Date: Friday, November 6, 2020
Session Type: Poster Session A
Session Time: 9:00AM-11:00AM
Background/Purpose: The COVID-19 pandemic is especially terrifying for patients on immunosuppression for autoimmune disease. With the exception of social isolation, experts do not have clear guidelines for these patients due to the concern that stopping medications may increase risk of autoimmune disease flares and pro-inflammatory cytokine/chemokine response. These same inflammatory molecules are thought to be responsible for virus-induced immunopathological events and death in COVID-19. The purpose of this project is to establish guidelines for management of immunosuppression in autoimmune disease patients and collect pilot data to develop strategies at the healthcare system level to address barriers and facilitators in the treatment of high-risk populations.
Methods: Participants were consented prior to blood collection for routine toxicity monitoring (IRB #00131823). Patients verified their autoimmune diagnosis; current immunosuppression medication list; and whether they believe they currently have or had symptoms of COVID-19. They were asked if they had previous COVID PCR testing and those results. A cytokine panel developed by ARUP (Test #0051394) assessed the concentrations of interleukin (IL)-2 receptor (IL-2r), soluble, TH1 cytokines (interferon (IFN)-γ, IL-2, IL-12); TH2 (IL-4, IL-5, IL-10, IL13); Monokines (tumor necrosis factor (TNF)-α, IL1β, IL6, IL8) and IL-17. COVID-19 IgG serologic testing developed by ARUP for research purposes was performed. We summarized demographics and clinical outcomes of interest using median and range for distribute skew continuous variable; we reported counts for categorical variables.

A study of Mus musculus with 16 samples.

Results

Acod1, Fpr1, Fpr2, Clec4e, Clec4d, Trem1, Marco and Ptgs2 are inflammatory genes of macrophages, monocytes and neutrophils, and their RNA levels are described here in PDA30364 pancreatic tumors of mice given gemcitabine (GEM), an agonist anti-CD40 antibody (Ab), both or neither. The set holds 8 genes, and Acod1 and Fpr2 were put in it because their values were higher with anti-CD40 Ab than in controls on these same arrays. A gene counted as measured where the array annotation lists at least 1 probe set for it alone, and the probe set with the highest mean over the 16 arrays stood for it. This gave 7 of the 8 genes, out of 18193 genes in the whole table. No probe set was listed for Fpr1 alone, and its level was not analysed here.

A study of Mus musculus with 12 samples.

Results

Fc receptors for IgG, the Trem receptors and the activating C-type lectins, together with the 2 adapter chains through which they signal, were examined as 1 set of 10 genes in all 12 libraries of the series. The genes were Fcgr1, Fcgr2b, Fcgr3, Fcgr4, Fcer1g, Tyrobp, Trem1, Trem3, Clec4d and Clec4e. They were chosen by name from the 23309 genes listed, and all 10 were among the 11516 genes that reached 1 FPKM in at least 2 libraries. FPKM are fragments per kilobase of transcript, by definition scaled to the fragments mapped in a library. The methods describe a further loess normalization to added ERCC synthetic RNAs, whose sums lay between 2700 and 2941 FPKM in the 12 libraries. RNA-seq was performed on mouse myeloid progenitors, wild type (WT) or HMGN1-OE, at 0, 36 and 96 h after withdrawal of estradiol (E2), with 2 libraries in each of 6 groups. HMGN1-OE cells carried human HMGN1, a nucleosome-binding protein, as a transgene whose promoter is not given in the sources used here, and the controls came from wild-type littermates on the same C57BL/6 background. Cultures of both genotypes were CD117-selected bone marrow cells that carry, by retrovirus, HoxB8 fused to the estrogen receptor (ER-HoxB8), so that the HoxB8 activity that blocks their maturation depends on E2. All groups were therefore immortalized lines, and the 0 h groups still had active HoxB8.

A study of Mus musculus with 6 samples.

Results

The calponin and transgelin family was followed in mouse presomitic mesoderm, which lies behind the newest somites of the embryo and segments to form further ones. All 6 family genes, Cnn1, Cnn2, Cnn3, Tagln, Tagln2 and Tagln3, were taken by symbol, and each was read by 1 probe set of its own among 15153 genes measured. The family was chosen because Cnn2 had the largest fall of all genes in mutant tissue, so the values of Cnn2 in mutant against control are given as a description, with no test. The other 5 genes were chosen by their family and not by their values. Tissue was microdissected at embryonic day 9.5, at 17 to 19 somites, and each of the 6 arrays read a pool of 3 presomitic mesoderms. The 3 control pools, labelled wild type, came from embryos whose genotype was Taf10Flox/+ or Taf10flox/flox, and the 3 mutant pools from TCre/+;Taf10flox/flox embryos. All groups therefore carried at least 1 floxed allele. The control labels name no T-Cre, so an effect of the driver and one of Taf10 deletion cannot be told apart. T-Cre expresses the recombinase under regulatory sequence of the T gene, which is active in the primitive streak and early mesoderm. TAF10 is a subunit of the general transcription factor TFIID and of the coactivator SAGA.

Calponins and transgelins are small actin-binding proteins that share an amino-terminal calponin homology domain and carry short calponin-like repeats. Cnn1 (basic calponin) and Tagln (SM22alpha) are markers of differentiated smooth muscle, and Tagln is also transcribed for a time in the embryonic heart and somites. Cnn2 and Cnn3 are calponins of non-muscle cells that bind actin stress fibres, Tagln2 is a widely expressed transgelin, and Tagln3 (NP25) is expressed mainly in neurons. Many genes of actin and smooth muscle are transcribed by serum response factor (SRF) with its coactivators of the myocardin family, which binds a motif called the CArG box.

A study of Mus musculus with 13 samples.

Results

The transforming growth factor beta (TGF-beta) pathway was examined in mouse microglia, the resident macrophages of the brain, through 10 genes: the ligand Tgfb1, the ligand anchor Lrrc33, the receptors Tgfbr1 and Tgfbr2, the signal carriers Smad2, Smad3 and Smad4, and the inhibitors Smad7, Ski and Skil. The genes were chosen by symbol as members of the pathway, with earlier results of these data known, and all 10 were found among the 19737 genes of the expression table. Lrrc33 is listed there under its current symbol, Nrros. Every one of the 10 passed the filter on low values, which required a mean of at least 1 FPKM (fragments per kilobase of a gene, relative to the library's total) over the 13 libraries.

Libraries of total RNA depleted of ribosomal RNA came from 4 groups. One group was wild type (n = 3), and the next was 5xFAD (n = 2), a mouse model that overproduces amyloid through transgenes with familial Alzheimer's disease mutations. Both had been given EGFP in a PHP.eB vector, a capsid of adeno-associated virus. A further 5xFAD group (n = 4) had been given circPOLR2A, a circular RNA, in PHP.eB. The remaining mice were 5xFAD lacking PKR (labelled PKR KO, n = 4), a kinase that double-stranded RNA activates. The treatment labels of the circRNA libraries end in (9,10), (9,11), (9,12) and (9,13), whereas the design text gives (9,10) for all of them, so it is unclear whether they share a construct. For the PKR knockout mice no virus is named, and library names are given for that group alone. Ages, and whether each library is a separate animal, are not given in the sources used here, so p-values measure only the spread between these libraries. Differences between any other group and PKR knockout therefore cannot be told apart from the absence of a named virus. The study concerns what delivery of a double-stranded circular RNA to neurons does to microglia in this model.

Results: Thirty-nine patients with autoimmune disease on immunosuppressive/immunomodulatory therapy were enrolled between April 18 and May 21, 2020. The clinical features of these patients shown in Table 1. The median age of participants was 45 years within the range of 23 to 76 years. Most participants were white (n=27, 69%), females (n=35, 90%) and had a diagnosis of systemic sclerosis (n=27, 69%). Half of these patients were on hydroxychloroquine (n=20, 51%). One patient reported current COVID symptoms and five patients were previously symptomatic for COVID-19 infection. One patient that obtained COVID PCR testing while symptomatic was positive. There was minimal elevations in cytokine profiles including, IL-2r (n=2), IL-10 (n=1), and IL-6 (n=1). Serology testing of The Utah COVID cases by testing day are described in Figure 1. Only one patient of the five reporting previous symptoms was positive for COVID IgG. This subject had rheumatoid arthritis (RA) and was on Enbrel. She reported diarrhea and a low-grade fever for one day, a mild cough s mild, and loss of taste and smell for five days. All other subjects had negative COVID IgG response.
Conclusion: In this cohort of 39 autoimmune disease patients that presented for routine laboratory monitoring during the COVID pandemic, there were minimal elevations in serum cytokines suggesting that their inflammation was well controlled. The single COVID positive patient had mild symptoms on immunosuppression. Cytokine profiles and COVID serology testing can possible guide rheumatologists’ recommendations regarding immunosuppression.
To cite this abstract in AMA style:Pritchett Q, Overbury R, Lebiedz-Odrobina D, Thomas J, Braaten T, Clardy S, Elgort M, Spivak E, Slev P, Peterson L, Frech T. Assessing Cytokine Profiles and COVID Serology in Patients on Immunosuppression to Guide Care Recommendations [abstract]. Arthritis Rheumatol. 2020; 72 (suppl 10). https://acrabstracts.org/abstract/assessing-cytokine-profiles-and-covid-serology-in-patients-on-immunosuppression-to-guide-care-recommendations/. Accessed October 31, 2020.